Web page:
Huawei and TPCast have announced a memorandum of understanding (MOU) for a joint venture which, they claim, will do away with the need for high-end hardware to enjoy virtual reality.
Announced just ahead of the Global Mobile Broadband Forum, the agreement between Huawei's Wireless X Labs division and TPCast, which is best known for adding wireless capabilities to HTC's Vive virtual reality (VR) headset, will see the companies work on a platform to have the heavy computational work of VR rendering performed on remote cloud systems and beamed to end-users' headsets via a 5G cellular network connection.
'TPCast is excited to work with Wireless X Labs and develop the 5G cloud VR rendering solution,' crows Michael Liu, TPCast chief executive, of the agreement. 'TPCast's ultra-low latency codec and real-time VR data control protocol make cloud rendering possible. We are dedicated to working with Huawei to optimise our cloud rendering technologies and improve VR experience. We are currently the only wireless VR solution provider that has successfully completed the world's first adoption of Wireless VR HMDs. It is our solemn and inescapable duty to improve the cloud VR rendering solution. In addition, we have accumulated an abundance of technical experience and resources, which can help implement this solution.'
'Cloud VR is an important use case for 5G networks. The connections between VR terminals and the cloud are crucial to deliver an optimal VR user experience,' adds Wang Yufeng, director of the networking-centric arm of Huawei. '5G networks can provide low latency and large bandwidth required by cloud rendering and content release. Huawei will provide world leading 5G network technologies and test environments and is honoured to partner with TPCast to verify cloud VR, laying a solid foundation for future trials and commercial deployment on many operators' networks.'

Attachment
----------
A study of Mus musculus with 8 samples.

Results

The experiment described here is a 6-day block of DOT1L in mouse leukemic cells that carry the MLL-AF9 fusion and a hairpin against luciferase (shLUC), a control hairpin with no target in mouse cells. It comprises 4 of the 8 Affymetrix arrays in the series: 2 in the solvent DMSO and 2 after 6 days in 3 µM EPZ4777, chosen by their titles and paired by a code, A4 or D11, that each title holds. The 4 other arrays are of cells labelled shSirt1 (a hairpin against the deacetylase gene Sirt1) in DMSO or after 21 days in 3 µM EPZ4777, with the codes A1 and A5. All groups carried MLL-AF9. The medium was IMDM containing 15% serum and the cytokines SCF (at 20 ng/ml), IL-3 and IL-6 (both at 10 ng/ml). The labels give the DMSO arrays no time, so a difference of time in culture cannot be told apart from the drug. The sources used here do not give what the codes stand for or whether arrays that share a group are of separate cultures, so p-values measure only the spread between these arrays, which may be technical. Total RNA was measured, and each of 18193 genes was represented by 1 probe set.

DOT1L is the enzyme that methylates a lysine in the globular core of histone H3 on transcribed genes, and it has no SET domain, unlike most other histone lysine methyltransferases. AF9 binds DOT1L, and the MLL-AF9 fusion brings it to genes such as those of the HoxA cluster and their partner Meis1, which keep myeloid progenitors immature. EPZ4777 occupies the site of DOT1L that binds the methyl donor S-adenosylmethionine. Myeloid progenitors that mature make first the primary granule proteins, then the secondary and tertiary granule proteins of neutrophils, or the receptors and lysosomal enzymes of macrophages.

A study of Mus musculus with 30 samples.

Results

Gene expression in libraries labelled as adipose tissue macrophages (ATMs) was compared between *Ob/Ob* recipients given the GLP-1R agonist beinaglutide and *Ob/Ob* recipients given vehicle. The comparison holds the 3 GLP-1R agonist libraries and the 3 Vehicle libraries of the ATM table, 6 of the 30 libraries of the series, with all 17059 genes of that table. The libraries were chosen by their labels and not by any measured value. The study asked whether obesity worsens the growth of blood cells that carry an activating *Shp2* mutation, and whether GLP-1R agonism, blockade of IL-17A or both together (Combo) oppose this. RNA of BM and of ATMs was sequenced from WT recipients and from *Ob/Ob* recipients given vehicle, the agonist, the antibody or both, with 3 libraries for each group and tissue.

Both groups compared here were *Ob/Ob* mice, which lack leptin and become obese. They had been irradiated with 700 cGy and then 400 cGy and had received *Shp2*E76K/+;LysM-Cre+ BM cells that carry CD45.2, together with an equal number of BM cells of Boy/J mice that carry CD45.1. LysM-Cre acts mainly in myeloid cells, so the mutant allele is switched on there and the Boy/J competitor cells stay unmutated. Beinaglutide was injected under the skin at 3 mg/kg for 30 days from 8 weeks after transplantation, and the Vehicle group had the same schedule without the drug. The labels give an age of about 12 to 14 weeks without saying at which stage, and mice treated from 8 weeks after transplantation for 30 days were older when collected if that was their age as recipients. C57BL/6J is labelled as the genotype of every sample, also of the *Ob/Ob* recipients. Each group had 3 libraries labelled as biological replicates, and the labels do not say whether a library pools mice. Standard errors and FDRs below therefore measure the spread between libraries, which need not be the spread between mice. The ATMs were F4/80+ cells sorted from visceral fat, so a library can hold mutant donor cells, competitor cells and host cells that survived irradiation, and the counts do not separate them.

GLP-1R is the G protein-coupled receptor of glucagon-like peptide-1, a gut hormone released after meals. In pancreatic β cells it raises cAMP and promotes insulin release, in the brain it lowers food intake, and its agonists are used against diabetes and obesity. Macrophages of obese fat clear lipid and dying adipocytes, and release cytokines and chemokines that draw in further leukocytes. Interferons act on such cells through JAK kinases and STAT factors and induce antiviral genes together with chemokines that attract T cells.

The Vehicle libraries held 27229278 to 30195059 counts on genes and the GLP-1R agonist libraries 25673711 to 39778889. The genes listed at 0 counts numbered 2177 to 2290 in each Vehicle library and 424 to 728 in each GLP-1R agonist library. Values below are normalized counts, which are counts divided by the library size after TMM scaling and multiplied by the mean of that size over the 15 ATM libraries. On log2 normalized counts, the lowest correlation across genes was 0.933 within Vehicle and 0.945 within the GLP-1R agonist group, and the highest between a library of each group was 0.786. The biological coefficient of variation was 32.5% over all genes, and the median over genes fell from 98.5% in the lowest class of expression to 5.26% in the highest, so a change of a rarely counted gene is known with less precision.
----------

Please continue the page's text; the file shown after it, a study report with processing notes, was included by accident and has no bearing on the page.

While technical details regarding the planned platform are thin on the ground, the companies have indicated that the system will increase the computing power available to VR renderers in order to 'sharply improve the computing and image processing capabilities [which] enables hardware resource sharing among multiple users and reduces investment' while also using 'ubiquitous mobile networks [which] allow for the usage of cloud VR without geographical restrictions.'
Although TPCast's algorithms have proven efficacious enough for HTC to give its blessing to a short-range Vive wireless adapter, however, the idea of performing remote rendering in a server farm and beaming the result down to the user over a cellular network - even a 5G network - would seem rife with difficulties from signal drop-outs to latency issues. Neither company has yet indicated how these issues will be resolved by the proposed platform.